Young shines on national stage


After turning Thursday's National League Division Series Game 2 around with one swing of the bat, he showed that same penchant for the dramatic in the postseason.

Young's three-run homer in the second that answered Chicago's Geovany Soto's two-run shot in the top half of the inning changed the flow of the game, leading to eight unanswered runs for Arizona in its 8-4 victory.

"That inning is huge," said Arizona manager Bob Melvin. "You know, they take the lead on a home run, and now it's time for us to answer back. ... Obviously, the momentum that was in their dugout for that half-inning goes into our dugout, and we seemed to feed off that a little bit. But through the course of the game, that's the key inning."

Young's shot came on a 3-2 pitch after the young hitter laid off a pair of Ted Lilly breaking balls off the plate. Then Lilly grooved a fastball that Young deposited into the left-field seats.

"Obviously it was big for us, but honestly I was just trying to find a way to get ahead," Young said. "I was just trying to get a base hit, obviously got under it a little bit, though."

Lilly reacted by throwing his glove, in part out of frustration that he shook off his catcher Soto, who called for a breaking ball in that situation. Instead, the fastball changed the complexion of the game.

"I've never seen a pitcher throw their glove like that on the mound," Cubs manager Lou Piniella said. "He threw a high fastball and the kid put a good swing on it and hit it a pretty good ways."

Young also drew a pair of walks in the ballgame, scoring in the fourth on Stephen Drew's triple.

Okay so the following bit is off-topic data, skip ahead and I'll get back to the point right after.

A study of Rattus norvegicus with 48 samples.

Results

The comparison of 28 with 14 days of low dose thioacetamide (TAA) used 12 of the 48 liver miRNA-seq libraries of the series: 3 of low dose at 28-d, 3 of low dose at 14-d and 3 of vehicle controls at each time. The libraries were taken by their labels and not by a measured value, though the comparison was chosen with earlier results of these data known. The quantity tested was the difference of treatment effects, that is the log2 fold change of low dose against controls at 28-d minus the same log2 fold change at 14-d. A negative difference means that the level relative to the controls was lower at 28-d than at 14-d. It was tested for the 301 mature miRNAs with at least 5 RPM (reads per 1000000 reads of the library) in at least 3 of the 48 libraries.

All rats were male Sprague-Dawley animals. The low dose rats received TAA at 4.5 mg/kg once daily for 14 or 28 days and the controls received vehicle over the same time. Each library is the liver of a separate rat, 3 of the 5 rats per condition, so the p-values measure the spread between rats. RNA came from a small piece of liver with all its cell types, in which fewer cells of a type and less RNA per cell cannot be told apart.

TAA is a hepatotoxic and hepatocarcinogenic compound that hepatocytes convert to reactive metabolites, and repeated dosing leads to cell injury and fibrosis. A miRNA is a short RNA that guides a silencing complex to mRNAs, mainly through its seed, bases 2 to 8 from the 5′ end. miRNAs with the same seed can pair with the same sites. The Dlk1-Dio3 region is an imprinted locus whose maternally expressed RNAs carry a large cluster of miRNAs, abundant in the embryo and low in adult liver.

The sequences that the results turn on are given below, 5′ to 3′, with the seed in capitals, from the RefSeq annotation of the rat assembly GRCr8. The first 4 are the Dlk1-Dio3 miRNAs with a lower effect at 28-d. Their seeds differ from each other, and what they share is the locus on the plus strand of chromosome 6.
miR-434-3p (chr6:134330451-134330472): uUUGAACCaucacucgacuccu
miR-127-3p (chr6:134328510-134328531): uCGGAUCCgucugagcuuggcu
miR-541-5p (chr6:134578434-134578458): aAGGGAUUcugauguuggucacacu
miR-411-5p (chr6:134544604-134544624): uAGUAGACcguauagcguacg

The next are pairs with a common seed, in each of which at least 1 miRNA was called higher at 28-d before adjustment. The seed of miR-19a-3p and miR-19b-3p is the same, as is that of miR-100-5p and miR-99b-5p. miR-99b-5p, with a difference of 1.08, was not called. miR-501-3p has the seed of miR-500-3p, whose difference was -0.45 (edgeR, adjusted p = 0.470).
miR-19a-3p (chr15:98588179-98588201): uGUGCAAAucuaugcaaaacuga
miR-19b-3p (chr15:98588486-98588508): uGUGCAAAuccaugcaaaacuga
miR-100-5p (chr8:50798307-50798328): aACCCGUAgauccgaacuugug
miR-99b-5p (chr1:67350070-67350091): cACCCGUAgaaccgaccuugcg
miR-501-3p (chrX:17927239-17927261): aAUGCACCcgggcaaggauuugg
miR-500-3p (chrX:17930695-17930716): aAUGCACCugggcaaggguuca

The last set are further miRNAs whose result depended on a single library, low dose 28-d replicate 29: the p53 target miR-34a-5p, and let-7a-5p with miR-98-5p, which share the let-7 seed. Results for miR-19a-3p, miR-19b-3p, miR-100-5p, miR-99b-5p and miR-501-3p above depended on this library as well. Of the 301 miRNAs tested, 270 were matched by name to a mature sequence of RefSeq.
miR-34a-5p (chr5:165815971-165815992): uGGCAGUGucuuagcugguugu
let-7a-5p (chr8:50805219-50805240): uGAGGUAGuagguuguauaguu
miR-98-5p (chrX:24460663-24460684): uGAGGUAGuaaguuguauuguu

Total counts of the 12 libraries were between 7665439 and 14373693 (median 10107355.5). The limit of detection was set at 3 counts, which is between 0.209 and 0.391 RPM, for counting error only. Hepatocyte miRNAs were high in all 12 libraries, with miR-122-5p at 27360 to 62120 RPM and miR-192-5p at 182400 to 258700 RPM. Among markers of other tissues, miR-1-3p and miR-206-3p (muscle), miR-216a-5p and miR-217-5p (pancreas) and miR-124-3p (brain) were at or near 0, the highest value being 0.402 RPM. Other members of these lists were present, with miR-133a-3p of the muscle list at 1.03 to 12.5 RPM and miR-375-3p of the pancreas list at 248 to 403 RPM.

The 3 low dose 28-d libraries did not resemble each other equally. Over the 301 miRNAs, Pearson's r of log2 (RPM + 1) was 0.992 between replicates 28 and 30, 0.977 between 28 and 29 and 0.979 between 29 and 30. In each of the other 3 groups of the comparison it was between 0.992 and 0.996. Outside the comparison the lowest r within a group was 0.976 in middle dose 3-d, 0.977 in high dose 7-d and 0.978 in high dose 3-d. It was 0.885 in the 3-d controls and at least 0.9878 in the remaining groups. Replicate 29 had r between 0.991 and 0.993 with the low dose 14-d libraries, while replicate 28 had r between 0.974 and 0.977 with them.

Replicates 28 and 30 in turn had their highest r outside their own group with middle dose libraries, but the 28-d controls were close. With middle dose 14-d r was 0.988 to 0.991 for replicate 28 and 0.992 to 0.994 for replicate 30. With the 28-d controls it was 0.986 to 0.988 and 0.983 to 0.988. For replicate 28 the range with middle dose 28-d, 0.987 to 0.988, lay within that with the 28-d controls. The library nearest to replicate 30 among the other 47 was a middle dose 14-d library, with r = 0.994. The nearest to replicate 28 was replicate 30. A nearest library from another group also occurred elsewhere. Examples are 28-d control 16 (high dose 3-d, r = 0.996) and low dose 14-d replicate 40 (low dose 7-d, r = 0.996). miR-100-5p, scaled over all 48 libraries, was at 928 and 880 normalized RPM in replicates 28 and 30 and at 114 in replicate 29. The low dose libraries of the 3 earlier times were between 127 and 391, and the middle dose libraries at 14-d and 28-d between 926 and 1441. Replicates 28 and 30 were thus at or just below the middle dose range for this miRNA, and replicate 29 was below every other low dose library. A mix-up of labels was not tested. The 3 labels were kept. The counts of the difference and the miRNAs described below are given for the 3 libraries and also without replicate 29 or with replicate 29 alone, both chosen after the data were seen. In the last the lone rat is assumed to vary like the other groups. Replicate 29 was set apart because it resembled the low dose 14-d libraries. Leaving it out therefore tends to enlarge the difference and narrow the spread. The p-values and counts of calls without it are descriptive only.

Young's performance was something the Cubs might have expected out of their leadoff hitter, six-time All-Star Alfonso Soriano, who boasts a similar, albeit more experienced, combination of power and speed as Young.


"Both guys have speed, both guys have power," Melvin said. "You don't see that dynamic too often in the one-spot, especially in the same series. So it's two guys that right away you've got to make your pitches or you find it in the seats."

Although a night like Thursday opened the nation's eyes to the Soriano-like talent Young possesses, Arizona's center fielder does not see himself like that yet.



On a night when Soriano was held to a pair of harmless singles and struck out three times, a player with his same skill set in the other dugout enjoyed his postseason breaking-out party with the type of hit Arizona fans have become accustomed to.

"It's exciting to hit a homer any time, but to do it in the playoffs with 48,000 fans out here yelling, you feel like you're floating on air when you're running the bases," Young said. "You see your teammates in the dugout ready to congratulate you.

"There's no feeling like it."

Michael Schwartz is an associate reporter for MLB.com. This story was not subject to the approval of Major League Baseball or its clubs.